Lone Working Legislation
Defining lone working roles: Who is classed as a lone worker?
The UK Health & Safety Executive defines a lone worker as 'those who work by themselves without close or direct supervision’.
In fixed establishments:
A person working alone in a small workshop, petrol station, kiosk or shop,
People who work from home other than in low-risk, office-type work,
People working alone for long periods, eg in factories, warehouses, leisure centres or fairgrounds,
People working on their own outside normal hours, eg cleaners and security, maintenance or repair staff.
As mobile workers working away from their fixed base:
Workers involved in construction, maintenance and repair, plant installation and cleaning work,
Agricultural and forestry workers,
Service workers, including postal staff, social and medical workers, engineers, estate agents, and sales or service representatives visiting domestic and commercial premises.
Source: UK Health & Safety Executive
The Sentencing Council increased penalties for corporate manslaughter and health & safety offences from 2016
Companies with a turnover of more than £50m can now be fined up to £20m in cases of corporate manslaughter.
Individual company directors can face custodial sentences for breaches.
£8m in fines for construction firms in the first 6 months of guidelines.
Primary lone working legislation: UK
UK laws require employers to protect all their employees, as well as contractors and self-employed workers. Employers must assess the health and safety risks associated with any activity before the work begins. There are no specific laws governing lone working; in short, lone working is not against the law. However, the considerations for planning a safe and healthy working environment for lone and remote workers are often quite different than for other staff.
What laws are relevant for lone working?
The primary legislation covering occupational health and safety in the UK is the Health and Safety at Work etc. Act 1974, together with later amendments, as well as the Management of Health and Safety at Work Regulations 1999. There is also legislation covering reporting of accidents and incidents at work, under the Reporting of Injuries, Diseases and Dangerous Occurrences Regulations 2013 (RIDDOR).
Defining lone workers
The UK Health and Safety Executive (HSE) defines lone workers as “those who work by themselves without close or direct supervision”. It’s essential to have a robust policy which codifies your organisation’s policies and procedures around lone working, in line with the regulations. What’s more, it’s advisable to nurture a culture which places health and safety at the heart of the business.
Health & Safety Resources
Corporate liability: Sentencing Council penalties
Unlimited fines for companies, prison sentences for directors
In 2015 the Sentencing Council published new guidelines aimed at delivering proportional and fair penalties for breeches of legislation. The new rules (Health and Safety Offences, Corporate Manslaughter and Food Safety and Hygiene Offences Definitive Guideline) came into force on 1 February 2016. The guidelines increased the maximum fines and custodial sentences that can be handed down. In the first six months, construction firms alone paid nearly £8 million in penalties.
The new guidelines imposed a sliding scale of fines, designed to ensure that all companies, large or small, receive a penalty that impacts their bottom line to the same degree. Companies with a turnover of more than £50 million can now be fined up to £20 million in cases of corporate manslaughter. In the most severe cases, the legislation now also allows for directors to face custodial sentences of up to life imprisonment.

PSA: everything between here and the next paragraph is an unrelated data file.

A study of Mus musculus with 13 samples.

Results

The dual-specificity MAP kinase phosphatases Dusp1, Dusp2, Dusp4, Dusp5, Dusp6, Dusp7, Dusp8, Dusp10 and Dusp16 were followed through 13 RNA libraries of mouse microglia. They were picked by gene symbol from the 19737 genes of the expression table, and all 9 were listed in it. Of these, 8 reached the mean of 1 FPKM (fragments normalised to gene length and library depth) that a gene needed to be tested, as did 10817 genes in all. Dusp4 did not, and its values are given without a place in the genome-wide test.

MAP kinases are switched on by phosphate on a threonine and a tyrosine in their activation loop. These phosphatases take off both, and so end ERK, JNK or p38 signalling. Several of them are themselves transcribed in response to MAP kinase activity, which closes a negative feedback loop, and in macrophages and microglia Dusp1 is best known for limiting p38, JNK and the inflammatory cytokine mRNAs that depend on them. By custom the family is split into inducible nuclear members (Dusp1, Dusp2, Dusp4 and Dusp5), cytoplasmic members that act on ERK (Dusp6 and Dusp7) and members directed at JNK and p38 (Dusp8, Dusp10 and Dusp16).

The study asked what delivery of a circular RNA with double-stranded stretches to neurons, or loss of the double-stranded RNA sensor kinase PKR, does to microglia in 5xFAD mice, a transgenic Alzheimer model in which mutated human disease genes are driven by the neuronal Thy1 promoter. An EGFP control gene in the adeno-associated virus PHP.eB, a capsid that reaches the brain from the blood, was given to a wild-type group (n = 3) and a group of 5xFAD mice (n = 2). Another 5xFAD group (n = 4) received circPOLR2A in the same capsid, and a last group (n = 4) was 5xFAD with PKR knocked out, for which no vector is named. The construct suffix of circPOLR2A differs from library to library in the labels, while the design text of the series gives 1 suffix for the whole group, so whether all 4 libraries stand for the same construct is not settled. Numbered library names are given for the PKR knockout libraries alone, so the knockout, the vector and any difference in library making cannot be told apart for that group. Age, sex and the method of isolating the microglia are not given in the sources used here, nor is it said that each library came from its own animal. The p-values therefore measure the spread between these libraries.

Sentencing Council member Michael Caplan QC said: “These guidelines will introduce a consistent approach to sentencing, ensuring fair and proportionate sentences for those who cause death or injury to their employees and the public, or put them at risk. These offences can have very serious consequences and it is important that sentences reflect these.”
It is the role of the directors to take the lead in developing their company’s approach to health and safety. This means setting the agenda around staff and customer protection, and preparing policies, procedures and company rules to define risk around job roles.
Directors are expected to put in place practical barriers to risk without stymieing productivity. The aim is to minimise exposure to the risk of accident or injury and to ensure staff take action immediately if something does go wrong. The company should develop a positive attitude to disclosure, encouraging employees to actively raise safety issues and not work in any conditions or under circumstances that present an unacceptable risk.
Some duties are prohibited from being undertaken by lone workers, and employers must make sure they know which rules apply to their industry sector. Prohibited tasks include (but are not limited to) those that involve diving operations, transporting explosives, and fumigation work. Employers must consult their workers on matters relating to health and safety, and this process must take place before the policy is established.
Directors must ensure risk assessments have been conducted thoroughly across the business. The risk assessment for individual job functions will help with planning an appropriate level of supervision. Organisations with five or more employees must record the ‘significant findings’ of all risk assessments.
Workplace injuries 2016 UK statistics
609,000 self-reported injuries occurred at work, according to the Labour Force Survey.
70,116 employer-reported non-fatal injuries to employees reported under RIDDOR.
1.3 million working people suffered from a work-related illness.
31.2 million working days lost due to work-related illness and workplace injury.